Q: What is an outcome evaluation?
A: An evaluation that assesses the extent to which an intervention affects a) its participants (i.e., the degree to which changes occur in their knowledge, skills, attitudes, or behaviors) and b) the environments of the school, community, or both. Several important design issues must be considered, including how to best determine the results and how to best contrast what happens as a result of the intervention with what happens without the program.
Outcomes are the post-treatment effects of the program. An outcome evaluation assesses the extent to which such effects exist and whether they can be ascribed to the program. The outcome evaluation answers the question of whether the program produced valuable changes.
Q: What are the benefits of an outcome evaluation? Why should we do one?
A: Outcome evaluations provide all stakeholders with concrete information about the extent to which the program has made a difference in student learning and minority group isolation. As a result, stakeholders can decide whether to continue, expand, or limit the program.
Q: What is an MSAP rigorous evaluation?
A: Beginning in the 2004 funding cycle, the federal Magnet Schools Assistance Program encouraged applicants to use impact studies of magnet programs. Districts receive an invitational priority to include a rigorous (experimental or quasi-experimental) evaluation design in their MSAP grant proposals.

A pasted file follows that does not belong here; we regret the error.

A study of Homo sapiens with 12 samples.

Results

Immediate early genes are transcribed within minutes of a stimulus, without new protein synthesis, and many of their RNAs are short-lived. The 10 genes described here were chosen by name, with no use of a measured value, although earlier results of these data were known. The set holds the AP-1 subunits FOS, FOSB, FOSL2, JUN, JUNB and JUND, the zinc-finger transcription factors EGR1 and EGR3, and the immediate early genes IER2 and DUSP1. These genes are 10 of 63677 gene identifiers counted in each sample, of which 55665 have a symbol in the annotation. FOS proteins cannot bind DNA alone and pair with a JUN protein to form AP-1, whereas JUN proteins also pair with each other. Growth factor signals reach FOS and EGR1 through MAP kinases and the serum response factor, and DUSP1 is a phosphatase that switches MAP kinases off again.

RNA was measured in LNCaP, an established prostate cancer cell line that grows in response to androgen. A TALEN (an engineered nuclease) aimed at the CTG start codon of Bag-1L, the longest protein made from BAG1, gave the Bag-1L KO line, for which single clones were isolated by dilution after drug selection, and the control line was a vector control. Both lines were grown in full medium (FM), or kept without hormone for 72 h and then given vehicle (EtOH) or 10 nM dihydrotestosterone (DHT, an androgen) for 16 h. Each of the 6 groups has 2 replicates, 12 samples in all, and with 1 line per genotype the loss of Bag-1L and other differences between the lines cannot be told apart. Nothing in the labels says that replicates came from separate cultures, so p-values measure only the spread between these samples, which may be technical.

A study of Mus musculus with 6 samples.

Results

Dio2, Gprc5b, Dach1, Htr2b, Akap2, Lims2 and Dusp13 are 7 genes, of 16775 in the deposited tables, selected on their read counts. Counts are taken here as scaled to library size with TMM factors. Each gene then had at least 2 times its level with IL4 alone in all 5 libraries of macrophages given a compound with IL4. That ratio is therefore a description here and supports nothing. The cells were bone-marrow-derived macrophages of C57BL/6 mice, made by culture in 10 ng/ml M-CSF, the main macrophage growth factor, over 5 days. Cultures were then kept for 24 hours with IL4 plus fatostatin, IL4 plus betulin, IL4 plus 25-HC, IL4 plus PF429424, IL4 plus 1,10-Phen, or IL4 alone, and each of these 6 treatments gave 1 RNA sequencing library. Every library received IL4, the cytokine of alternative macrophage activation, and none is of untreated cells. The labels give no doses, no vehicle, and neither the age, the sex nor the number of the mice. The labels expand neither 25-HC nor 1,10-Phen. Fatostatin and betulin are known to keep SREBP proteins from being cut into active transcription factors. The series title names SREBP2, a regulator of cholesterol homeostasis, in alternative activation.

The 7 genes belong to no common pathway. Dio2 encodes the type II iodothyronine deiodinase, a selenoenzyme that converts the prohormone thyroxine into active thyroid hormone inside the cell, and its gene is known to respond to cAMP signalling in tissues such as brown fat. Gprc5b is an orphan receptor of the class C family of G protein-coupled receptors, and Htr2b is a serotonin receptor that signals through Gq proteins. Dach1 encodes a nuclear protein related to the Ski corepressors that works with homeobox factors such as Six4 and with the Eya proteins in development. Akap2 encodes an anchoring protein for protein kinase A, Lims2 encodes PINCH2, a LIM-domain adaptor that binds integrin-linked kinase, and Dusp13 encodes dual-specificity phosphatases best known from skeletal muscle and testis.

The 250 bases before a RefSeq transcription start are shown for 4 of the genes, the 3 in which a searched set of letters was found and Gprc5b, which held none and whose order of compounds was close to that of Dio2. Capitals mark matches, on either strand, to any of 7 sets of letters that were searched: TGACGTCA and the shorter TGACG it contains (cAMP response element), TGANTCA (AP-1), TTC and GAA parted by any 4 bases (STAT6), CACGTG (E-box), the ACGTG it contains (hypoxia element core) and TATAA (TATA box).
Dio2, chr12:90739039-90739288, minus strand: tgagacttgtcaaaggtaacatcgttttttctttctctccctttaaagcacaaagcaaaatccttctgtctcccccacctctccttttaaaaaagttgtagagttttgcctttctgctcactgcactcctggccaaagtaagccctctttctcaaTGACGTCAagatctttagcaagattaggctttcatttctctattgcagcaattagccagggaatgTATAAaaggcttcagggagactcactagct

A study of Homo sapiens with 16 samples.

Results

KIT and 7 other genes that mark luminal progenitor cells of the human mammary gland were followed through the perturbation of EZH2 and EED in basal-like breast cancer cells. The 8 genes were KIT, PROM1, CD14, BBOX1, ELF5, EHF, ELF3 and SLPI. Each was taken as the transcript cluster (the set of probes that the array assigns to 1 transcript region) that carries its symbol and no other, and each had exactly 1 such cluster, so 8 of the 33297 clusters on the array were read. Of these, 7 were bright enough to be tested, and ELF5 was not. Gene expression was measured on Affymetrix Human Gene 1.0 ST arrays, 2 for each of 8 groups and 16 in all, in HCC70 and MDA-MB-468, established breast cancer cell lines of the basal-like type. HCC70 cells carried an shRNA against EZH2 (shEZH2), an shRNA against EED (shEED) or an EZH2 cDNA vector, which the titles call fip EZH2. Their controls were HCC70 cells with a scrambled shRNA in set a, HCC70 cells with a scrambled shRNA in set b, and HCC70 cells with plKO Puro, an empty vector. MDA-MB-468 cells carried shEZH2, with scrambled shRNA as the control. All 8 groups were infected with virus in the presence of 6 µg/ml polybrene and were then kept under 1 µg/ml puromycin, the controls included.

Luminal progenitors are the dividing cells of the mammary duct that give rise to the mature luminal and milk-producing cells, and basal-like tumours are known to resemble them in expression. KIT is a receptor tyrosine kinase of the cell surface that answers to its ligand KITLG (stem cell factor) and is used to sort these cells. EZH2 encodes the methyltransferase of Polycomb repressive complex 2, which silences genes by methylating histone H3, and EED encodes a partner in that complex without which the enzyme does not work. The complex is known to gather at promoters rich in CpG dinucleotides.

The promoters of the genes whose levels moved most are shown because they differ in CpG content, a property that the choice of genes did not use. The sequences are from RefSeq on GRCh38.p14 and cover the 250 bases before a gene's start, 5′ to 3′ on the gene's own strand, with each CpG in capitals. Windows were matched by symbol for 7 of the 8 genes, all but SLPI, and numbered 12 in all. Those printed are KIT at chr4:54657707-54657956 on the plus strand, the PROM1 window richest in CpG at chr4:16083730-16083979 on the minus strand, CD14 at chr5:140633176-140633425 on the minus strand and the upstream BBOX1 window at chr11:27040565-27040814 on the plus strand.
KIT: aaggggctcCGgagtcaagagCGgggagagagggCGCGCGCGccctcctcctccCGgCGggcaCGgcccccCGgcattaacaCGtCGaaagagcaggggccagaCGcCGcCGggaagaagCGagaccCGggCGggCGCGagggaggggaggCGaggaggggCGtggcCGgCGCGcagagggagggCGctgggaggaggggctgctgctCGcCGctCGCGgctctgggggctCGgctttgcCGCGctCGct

Q: What if we cannot do a random control trial because we do not have oversubscription to our program? Does that rule out a “rigorous evaluation”?
A: Even if you cannot do random assignment, you can still do a rigorous evaluation. Quasi-experimental designs, when well executed, are considered to be rigorous.
Q: Is there a difference between a “comparison group” and a “control group”?
A: A control group exists only in a true experiment. In such an experiment, participants are randomly assigned to the treatment condition, with those who are not assigned serving as “controls.” In a quasi-experimental design, the evaluator identifies a group that is as much like the treatment group as possible (“matches” the group) to serve as a comparison group. Comparison group members are selected because they share important characteristics with the treatment group but experience different programs.